Look no further than your daily bread—and the yeast that makes it rise—for a lesson on organizational dynamics.
A new study published by MIT researchers in the journal PLOS (Public Library of Science) Biology finds that in cooperative yeast colonies, freeloaders can survive until environmental conditions change; in an unstable environment, the cheaters don’t survive. In evolutionary theory, natural selection, which happens at the individual level, has been shown to favor cheating, or relationships in which organisms benefit at the cost of other organisms. Think of overfishing in China or the worker bee who cheats by reproducing (even though that’s supposed to be the sole job of the queen).
This experiment turns that theory on its head and demonstrates an interesting development in our understanding of cooperation. From an MIT News article on the study:
The experiments … beautifully illustrate the central dilemma in the evolution of cooperation. The yeast society depends on cooperation, but if cooperation is plentiful, ‘cheaters’ can exploit the generosity of others. This leads to cycles of cooperation and exploitation.
Cooperation among organisms complicates our understanding of natural selection, since those forces are known to act on the individual. Whether humans can really be altruistic is still debated among psychologists and anthropologists. But the yeast study provides another framework for thinking about cheating and cooperation. It is in line with a 2012 study from the Max Planck Institue for Evolutionary Anthropology (pdf) that explores cooperation as behavior that animals participate in for mutual benefit and social selection weeds out the cheaters.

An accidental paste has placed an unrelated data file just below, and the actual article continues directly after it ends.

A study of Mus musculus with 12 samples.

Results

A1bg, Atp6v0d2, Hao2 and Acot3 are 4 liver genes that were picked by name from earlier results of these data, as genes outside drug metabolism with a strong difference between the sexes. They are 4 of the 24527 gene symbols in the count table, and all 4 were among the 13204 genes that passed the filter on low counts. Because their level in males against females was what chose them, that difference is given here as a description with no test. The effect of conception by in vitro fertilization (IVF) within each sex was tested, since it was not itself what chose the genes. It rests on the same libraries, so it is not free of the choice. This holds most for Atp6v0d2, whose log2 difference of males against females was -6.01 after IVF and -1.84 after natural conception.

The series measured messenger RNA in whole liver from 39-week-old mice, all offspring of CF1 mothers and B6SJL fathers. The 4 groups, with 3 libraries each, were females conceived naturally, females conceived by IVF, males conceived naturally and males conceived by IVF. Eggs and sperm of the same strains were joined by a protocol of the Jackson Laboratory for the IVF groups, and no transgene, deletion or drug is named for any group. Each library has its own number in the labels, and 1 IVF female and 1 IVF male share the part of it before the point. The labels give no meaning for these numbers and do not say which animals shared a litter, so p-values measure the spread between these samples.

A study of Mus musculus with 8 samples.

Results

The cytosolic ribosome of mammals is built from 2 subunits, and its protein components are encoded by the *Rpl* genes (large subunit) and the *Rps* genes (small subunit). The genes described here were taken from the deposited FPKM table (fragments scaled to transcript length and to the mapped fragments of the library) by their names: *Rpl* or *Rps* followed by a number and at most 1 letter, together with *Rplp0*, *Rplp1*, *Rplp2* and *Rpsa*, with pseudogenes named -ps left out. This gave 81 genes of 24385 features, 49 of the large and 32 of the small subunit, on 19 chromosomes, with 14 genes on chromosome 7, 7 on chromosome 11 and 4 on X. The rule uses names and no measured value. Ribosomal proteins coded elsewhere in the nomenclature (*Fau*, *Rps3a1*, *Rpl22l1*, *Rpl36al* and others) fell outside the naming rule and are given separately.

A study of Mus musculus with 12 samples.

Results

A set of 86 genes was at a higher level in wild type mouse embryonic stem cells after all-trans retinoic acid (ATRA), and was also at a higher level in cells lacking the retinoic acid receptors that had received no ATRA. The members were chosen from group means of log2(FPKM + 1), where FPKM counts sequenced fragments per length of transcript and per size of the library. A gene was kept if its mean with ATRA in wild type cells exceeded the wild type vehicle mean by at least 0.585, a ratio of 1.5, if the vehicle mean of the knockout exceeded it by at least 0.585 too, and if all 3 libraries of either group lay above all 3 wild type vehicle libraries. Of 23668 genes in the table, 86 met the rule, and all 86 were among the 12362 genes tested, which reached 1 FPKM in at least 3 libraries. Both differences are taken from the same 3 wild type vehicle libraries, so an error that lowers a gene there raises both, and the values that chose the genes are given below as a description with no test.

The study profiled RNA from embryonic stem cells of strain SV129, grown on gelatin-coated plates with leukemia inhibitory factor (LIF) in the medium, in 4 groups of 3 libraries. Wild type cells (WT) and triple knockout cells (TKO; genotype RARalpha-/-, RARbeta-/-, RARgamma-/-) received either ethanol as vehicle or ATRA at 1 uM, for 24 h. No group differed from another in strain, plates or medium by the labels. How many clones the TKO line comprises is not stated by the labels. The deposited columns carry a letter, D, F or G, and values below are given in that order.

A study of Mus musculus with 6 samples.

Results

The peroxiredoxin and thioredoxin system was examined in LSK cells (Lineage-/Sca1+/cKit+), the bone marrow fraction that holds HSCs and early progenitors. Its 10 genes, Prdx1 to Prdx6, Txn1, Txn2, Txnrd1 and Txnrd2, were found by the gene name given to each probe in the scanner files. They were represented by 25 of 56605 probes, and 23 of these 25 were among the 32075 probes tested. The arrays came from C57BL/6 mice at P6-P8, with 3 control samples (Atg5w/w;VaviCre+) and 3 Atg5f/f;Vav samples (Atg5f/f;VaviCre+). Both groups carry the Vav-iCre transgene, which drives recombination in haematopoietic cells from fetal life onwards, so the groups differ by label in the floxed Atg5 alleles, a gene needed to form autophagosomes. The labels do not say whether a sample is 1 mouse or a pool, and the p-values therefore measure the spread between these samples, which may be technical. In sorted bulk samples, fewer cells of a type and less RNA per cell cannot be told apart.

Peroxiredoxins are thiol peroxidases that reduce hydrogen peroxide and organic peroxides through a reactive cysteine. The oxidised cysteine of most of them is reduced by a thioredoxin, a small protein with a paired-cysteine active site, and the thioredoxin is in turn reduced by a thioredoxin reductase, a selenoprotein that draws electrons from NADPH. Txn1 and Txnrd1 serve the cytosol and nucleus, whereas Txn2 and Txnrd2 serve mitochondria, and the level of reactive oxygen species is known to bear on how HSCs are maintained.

So do we see this at work in every day life? Let’s apply it to the workplace—the perfect microcosm of a collaborative group with competing individuals.
Here, the key takeaway from the yeast research might be that “giving is the key to getting ahead,” a theory made popular recently by Wharton professor and author Adam Grant.
Known for the extreme degree in which he extends himself to colleagues, students, and mere strangers, Grant breaks people into three categories: givers, takers, and matchers, defined as those who give and take in equal quantity.
The most successful givers, Grant explains, are those who rate high in concern for others but also in self-interest. And they are strategic in their giving—they give to other givers and matchers, so that their work has the maximum desired effect; they are cautious about giving to takers; they give in ways that reinforce their social ties; and they consolidate their giving into chunks, so that the impact is intense enough to be gratifying.
In a stressful environment, like work, it’s natural to look out for yourself. But as a recent Atlantic story on Grant’s book points out, being a giver can protect against stress and make the workplace more fulfilling.
Like cooperative yeast colonies, tough times should kill off any freeloaders or takers—if they haven’t gotten the message first.